The first time I saw Neil Gaiman speak was when he was on tour for the tenth anniversary and reprinting (in hardcover) of American Gods. I got there forty minutes before he was supposed to speak and the line was around the block. He spoke in a church and I had to sit in the furthermost pews in the top of a balcony. (Yes, how very goth, but what do you expect from the author of the Sandman graphic novels, Neverwhere, and The Graveyard Book?) This time he was speaking at the A.C.T. Theatre and it was sold out, 1000 seats! I got there two hours early and procured a great seat.
The format was different from most author readings/conversations I’ve been to. Gaiman began by explaining the creation of this novel. He grew lonely while his wife, Amanda Palmer, was in Australia writing an album. So he decided to write her a story. But she doesn’t like fantasy. He waited as we all laughed and shook our heads. She doesn’t like fantasy, but she does like me, he added. But this story grew. Into a novella. And then, into a novel. This time he read a long chapter of his newest book, The Ocean at the End of the Lane. His inflections were spot on. His timing, impeccable.
He then answered questions from the audience. Earlier they had passed out notecards for everyone to write questions on. So he went through this long stack of cards and tried to make his answers concise as he is known for long storied answers. Someone asked which children inspired his kids books. He said it was his own kids: his son inspired The Day I Swapped my Dad for Two Goldfish. He said that he told his son it was time to go to sleep. But he didn’t want to. And his son stood there looking at him and said, “I wish I didn’t have a dad. I wish I had a . . . .” And Gaiman could see his son thinking what else is there? And his son came out with “a goldfish!”. And his daughter would make him write spooky stories about little girls (with her same name) that involved hidden rooms, etc. He knew she liked scary stories so he went to his local bookshop and asked, “Do you have any scary horror books for four year olds?” They did not. So he decided to write some.
He then read another excerpt from his other book coming out in September.
After that, he signed everyone’s books. Everyone’s. Remember that the A.C.T. was sold out. Plus there was staff working. I only waited about twenty minutes. There were all these handlers there. Making sure the items were prepared before Gaiman signed them. Explaining that you can only have two items signed, and only one personalized. But to see all these people want something from him was crazy. And I was one of them! We could have had our pictures taken with him, but you’d have to go around the table and stand behind him like a bit of a creeper while he signed someone else’s books. I’m not complaining, most authors of his caliber don’t do signings, let alone personalized signings and allow photographs. But I couldn’t be like these deluded fans, so I thought. And yet . . . (wait for it . . .)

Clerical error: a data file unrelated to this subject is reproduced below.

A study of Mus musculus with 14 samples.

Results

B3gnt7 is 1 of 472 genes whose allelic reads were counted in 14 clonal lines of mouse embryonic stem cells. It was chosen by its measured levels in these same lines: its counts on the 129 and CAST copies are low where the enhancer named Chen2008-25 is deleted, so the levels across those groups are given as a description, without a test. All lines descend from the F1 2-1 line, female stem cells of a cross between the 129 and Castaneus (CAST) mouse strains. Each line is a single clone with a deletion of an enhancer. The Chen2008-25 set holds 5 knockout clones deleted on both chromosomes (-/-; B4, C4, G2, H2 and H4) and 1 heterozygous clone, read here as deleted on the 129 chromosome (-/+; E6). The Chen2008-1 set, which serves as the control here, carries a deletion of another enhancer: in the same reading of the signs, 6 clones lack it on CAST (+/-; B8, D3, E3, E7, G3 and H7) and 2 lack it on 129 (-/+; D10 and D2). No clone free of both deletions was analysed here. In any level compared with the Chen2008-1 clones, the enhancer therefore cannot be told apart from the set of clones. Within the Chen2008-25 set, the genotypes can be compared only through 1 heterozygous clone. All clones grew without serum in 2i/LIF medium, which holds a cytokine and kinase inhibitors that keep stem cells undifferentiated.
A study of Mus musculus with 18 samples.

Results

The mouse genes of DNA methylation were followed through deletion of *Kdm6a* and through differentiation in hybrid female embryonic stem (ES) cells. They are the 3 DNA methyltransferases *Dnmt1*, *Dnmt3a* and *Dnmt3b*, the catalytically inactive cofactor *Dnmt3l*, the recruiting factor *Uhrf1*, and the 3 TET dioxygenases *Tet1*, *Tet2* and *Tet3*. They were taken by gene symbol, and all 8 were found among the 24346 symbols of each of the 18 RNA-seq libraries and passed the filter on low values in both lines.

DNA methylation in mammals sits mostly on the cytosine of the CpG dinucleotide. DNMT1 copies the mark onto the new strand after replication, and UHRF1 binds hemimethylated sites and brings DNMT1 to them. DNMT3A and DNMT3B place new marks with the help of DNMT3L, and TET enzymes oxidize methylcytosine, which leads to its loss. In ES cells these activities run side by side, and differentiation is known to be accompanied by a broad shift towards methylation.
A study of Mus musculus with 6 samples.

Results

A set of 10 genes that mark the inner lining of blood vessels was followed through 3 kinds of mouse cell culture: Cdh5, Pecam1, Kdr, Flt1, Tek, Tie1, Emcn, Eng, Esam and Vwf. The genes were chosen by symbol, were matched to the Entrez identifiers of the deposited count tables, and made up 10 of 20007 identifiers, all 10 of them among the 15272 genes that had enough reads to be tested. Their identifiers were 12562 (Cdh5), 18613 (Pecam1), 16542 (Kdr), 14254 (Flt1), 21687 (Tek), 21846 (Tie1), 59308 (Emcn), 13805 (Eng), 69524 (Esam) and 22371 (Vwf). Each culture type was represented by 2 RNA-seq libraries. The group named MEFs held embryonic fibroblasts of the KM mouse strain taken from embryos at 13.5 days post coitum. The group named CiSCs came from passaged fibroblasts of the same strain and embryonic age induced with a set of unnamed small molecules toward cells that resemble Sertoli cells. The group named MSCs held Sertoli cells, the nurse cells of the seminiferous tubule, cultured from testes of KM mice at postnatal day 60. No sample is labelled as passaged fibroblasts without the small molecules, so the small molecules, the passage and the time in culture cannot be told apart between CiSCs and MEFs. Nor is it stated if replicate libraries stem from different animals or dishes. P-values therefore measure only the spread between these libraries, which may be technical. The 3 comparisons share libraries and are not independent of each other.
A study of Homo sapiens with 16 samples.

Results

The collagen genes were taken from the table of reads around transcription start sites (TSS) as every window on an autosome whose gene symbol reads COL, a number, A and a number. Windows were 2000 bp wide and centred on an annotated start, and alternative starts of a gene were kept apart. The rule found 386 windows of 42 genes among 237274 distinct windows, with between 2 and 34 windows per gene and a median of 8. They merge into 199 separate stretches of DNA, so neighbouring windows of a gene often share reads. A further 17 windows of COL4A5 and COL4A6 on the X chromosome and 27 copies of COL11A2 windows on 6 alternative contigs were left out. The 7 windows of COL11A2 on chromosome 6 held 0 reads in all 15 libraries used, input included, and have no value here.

When he signed my book, my name was marked on a post it note, as is customary at book signings. My book had gotten ahead of me. He asked, “Where’s Melanie?” I quietly moved forward. “She’s here. I’m her. I’m Melanie.” Verbally stumbling over myself. Verbal vomit, if you will. And then he started to sign my book. He looked up and said, “Thank you for coming tonight.” I was silent. I couldn’t think of what to say. I smiled quietly. “You’re welcome” didn’t seem appropriate, even though that’s what society dictates. He said, “I really appreciate you coming out tonight.” I just stared. He smiled. I smiled. I swear he looked into my eyes and saw my soul. (And yes, I realize how crazy that sounds. I know it’s not true. But in all honesty, I felt like, Neil understands. He gets that I’m a shy intellectual who reads and listens to loud music and used to be goth and I have a cat. He gets it. Neil knows that I have so much to say but don’t know where to begin and he knows that we could be friends if we ever met in real life.) But I said, “Thank you,” smiled, and walked away, high on close proximity to author genius. And then I realized that I had become one of those people. The ones that identify with celebrities and think that incredibly egotistical thought that we could be friends, get a coffee, go to the movies, text each other funny stuff. Maybe it’s because he used to be goth and kinda still is. Maybe because I used to be goth and kinda still am. Don’t worry, I’m not going to stalk him or anything. It was just funny to realize I had that feeling. I’ve wanted to have that with Salman Rushdie. Never have. Anne Rice was super kind, but I was 21 when I met her, so I’m sure she just thought, “how cute, another goth girl.” Irvine Welsh, well, he seemed like he could be a friend too. Carlos Ruiz Zafón and Michael Chabon were both kind but no connection. All of those writers were polite, gracious, and humble but what I felt with Neil was different. I was drunk purely on my love for an artist’s writing. I felt like that girl who reaches her arm up to Nick Cave or Morrissey at a show and thinks, “all I want is to touch his hand. That’s it. Nothing more”.
But Neil Gaiman looked into my eyes and saw my soul, and you can’t get better than that.